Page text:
A Secret in Cyprus Bank Bailout Stirs Resentment
Of all the financial implosions in the eurozone, few matched last year’s collapse of tiny Cyprus in terms of drama and chaos.
Frantic Cypriots queued up at banks to drain their accounts. Russian oligarchs scrambled to repatriate hidden fortunes. European officials, fearing another bout of market contagion, orchestrated an audacious 17 billion euro rescue package — forcing depositors to bear a large part of the cost, unlike other bailouts.
Now, the foundation of the bailout, an analysis by bond giant Pimco, is being challenged by economists, lawyers and politicians in Cyprus. They argue that the analysis relied too heavily on aggressive financial assumptions that in some cases deviated from international accounting standards, thus inflating how much cash banks needed to survive.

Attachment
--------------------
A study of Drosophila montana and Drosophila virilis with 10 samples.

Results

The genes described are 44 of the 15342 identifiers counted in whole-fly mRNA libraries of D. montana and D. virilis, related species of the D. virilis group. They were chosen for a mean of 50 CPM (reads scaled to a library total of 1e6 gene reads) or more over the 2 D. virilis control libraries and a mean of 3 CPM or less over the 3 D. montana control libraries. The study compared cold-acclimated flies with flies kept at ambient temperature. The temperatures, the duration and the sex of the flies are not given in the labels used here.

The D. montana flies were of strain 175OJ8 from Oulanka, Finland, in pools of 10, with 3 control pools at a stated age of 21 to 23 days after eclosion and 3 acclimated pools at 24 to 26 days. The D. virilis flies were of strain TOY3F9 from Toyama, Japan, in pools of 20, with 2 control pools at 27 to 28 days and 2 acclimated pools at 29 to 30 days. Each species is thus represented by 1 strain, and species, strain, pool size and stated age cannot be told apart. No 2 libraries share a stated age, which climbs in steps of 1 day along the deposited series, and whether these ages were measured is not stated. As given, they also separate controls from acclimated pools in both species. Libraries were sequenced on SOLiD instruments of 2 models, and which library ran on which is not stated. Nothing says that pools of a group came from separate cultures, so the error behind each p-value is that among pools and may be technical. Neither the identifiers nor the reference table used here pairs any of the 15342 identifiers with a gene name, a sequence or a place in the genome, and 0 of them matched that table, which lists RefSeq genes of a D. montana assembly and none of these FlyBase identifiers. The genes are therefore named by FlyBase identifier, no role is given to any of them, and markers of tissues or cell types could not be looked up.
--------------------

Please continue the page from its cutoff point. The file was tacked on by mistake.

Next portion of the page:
The basis for the criticism comes from an unusual source: a separate BlackRock study commissioned by the Cypriot central bank shortly before Pimco issued its report. The central bank chief, voicing concerns over Pimco’s models and its approach, asked BlackRock, the world’s largest investor, to dissect the work of its rival.
The BlackRock study, which has never been publicly released and was reviewed by The New York Times, suggests that the banks’ needs were €1 billion less than Pimco’s estimate of €8.8 billion; central bank officials did not brief the new Cypriot government on the report’s existence at the time of bailout negotiations in March 2013. Government investigators, who have continued to delve into the matter, say capital requirements were even lower, just over €6 billion.